The relationship between population growth, poverty and environmental degradation is complex and not, as is often suggested, a simple equation involving the terms 'high population" plus "poverty" equals "environmental degradation". The three can go together, and in some countries or regions of the world do go together, but this apparent 'obvious truth' is often used by those in the rich North to displace their responsibility onto the poor South. Two examples will allow us to illustrate this.
The old East European communist bloc had an appalling environmental record from which its successor countries are still suffering. Its factories were some of the worst polluters the worlds has ever seen. Its waterways were grossly polluted and its air quality was extremely poor. Leakages of pollutants into the environment were both frequent and significant. However, in the main, these were countries that were not over-populated and they were certainly not 'poor' countries as we understand the term. Rather, they had a very bad environmental record because they did not put in place any of the available policy and technical solutions to environmental improvement.
The second example is none other than our old friend the United States of America. Certainly not poor and certainly not overpopulated, but the country has in many respects a very bad environmental record. The United States is the world's greatest user of energy. A child born in India twenty five years ago will, by the time she or he dies have used one-fiftieth (thats a mere 2%) of the energy that a child born at the same time in the US will have used by the time of their death. That's fifty times as much air pollution and 50 times as much of a contribution to global warming. The same sort of logic can be applied to other aspects of the environment.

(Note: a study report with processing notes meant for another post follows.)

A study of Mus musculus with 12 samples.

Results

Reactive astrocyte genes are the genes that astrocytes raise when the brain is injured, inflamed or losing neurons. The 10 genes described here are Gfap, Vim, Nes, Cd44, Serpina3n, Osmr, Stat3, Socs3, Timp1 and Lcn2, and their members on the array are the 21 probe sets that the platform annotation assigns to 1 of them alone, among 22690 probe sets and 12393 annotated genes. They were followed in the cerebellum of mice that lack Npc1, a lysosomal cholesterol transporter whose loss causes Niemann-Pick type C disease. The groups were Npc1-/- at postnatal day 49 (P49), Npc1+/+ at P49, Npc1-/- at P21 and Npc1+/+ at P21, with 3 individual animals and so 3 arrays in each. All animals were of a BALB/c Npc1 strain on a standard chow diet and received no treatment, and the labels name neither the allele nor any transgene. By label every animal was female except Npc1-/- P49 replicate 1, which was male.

Essentially, the message from both examples is the same. There is no necessary correlation between poverty, population and environmental degradation. Taking care of the environment is much more about a culture 's (and the people within it) attitude to need as opposed to greed, combined with a good legislative and regulatory framework, and it is also about being secure in one's position. The last of these is where poverty comes in. Removing poverty leads to greater security and a better likelihood of children surviving past their fifth birthday. This removes the need to have big families and for those families to struggle for day-to-day survival. If the rich countries, and especially the rich within those rich countries (and believe me they are grossly rich and they pollute far more than the poorest of the poor), were to help alleviate the worst excesses of poverty throughout the world, then population growth would be diminished, poverty would decline significantly, and environmental degradation would be significantly ameliorated.